Dentures and partials are natural looking removable prosthetics that can be taken in and out of the mouth. Their purpose is to replace missing teeth in order to restore a person’s function and aesthetics, and to help maintain the health of the oral tissues and any remaining teeth.
Full Vs. Partial Dentures
Full dentures are used to replace a complete set of teeth. The top denture covers the palate and has a flesh colored base that fits over the gums. The bottom denture also has a flesh colored base and is contoured to allow the tongue to move naturally.
Partial dentures are often used when not all of the teeth are missing. They typically consist of replacement teeth attached to pink or gum-colored plastic bases, which are connected by metal framework.
How Dentures and Partials Are Made
Both partials and dentures are custom made in our lab. Before we begin, we will consult with you about your color and shape options. Then Dr. Schuster and the Stonebridge Ranch Dentistry team will take impressions of your mouth, and the mold will be used to create prosthetics that are the perfect size, shape and fit for your mouth. Most dentures and partials require two or three appointments to complete, and we will discuss the timing during your consultation.
Sometimes extractions are necessary before the denture process can begin, and you can read about that process on our minor oral surgery page.
The Adjustment Phase
It may take several weeks to adjust to your new dentures or partials. You may experience some slight discomfort as the gums adjust, or the dentures may feel loose. This is because the tongue and cheek muscles must get used to holding them in place. Other normal issues during the adjustment phase are excess saliva and feeling that your tongue doesn’t have enough room in your mouth. All of this is normal and expected, and your dentures or partials will feel comfortable to you in no time.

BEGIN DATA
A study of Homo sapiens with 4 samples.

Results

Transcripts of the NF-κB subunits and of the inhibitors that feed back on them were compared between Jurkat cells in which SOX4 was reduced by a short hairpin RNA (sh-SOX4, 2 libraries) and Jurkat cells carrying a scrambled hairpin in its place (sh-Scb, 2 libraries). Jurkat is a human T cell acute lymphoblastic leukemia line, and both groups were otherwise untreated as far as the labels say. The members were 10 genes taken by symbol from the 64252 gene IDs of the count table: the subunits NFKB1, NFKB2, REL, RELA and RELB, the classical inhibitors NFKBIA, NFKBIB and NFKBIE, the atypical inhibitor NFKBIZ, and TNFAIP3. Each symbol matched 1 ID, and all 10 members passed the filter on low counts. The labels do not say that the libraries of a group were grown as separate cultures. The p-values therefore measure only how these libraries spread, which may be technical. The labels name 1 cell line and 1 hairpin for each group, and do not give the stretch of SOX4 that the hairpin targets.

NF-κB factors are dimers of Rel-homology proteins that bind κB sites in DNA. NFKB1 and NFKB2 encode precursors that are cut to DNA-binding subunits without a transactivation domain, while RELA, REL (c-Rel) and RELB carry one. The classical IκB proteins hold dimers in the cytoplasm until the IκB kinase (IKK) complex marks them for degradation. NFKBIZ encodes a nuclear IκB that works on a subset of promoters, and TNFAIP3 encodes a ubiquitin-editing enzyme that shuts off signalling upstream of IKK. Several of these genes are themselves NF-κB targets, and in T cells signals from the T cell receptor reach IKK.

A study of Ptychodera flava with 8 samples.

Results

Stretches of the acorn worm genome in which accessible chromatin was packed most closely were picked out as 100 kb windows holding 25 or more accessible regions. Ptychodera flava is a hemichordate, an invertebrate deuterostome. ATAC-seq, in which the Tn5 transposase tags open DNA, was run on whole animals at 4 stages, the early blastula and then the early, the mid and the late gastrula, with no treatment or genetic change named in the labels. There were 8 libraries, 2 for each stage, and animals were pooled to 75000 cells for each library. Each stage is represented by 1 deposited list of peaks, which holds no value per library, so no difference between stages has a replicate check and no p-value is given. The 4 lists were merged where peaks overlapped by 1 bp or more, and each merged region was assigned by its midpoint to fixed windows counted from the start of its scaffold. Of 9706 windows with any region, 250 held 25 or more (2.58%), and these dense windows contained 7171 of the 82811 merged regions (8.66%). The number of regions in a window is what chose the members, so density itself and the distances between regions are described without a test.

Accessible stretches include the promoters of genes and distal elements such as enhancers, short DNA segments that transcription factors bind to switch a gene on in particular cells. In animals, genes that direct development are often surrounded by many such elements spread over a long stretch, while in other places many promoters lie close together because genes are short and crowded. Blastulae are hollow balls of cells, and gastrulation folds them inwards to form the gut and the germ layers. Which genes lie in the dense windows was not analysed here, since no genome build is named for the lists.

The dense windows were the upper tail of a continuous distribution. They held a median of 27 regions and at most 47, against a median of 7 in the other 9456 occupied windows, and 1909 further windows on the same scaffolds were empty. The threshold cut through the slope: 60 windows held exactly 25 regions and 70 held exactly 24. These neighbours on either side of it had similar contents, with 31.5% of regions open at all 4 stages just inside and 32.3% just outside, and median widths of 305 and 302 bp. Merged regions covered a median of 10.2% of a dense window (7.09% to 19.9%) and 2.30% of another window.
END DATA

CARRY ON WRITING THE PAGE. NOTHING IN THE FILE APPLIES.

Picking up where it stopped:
Care and Maintenance
Like natural teeth, dentures and partials should be brushed twice a day to remove food and plaque and prevent stains. Choose a soft bristle brush to prevent damaging or wearing them down, and in between brushings, rinse them after each meal. Prosthetic teeth should never be allowed to dry out, so they should be placed in a cleaning solution or in water when they are not being worn. They are breakable, so be careful when handling them.
You should also brush your gums, tongue, and palate with a soft-bristled brush every morning before you put your dentures in. This will remove plaque and stimulate circulation in your mouth.
Finally, don’t skip your professional cleanings and check-ups every six months so that we can deep clean your dentures and check for signs of other oral diseases like cancer.
Over time, your dentures will need to be adjusted, rebased, or remade due to normal wear and tear and natural age-related changes to your mouth. Dr. Schuster will check your fit and make recommendations when you come in for your check-ups. Everybody is different, but usually complete dentures will last five to seven years before they need to be replaced. Practicing good oral hygiene and coming in for your routine cleanings and check-ups will help them last as long as possible.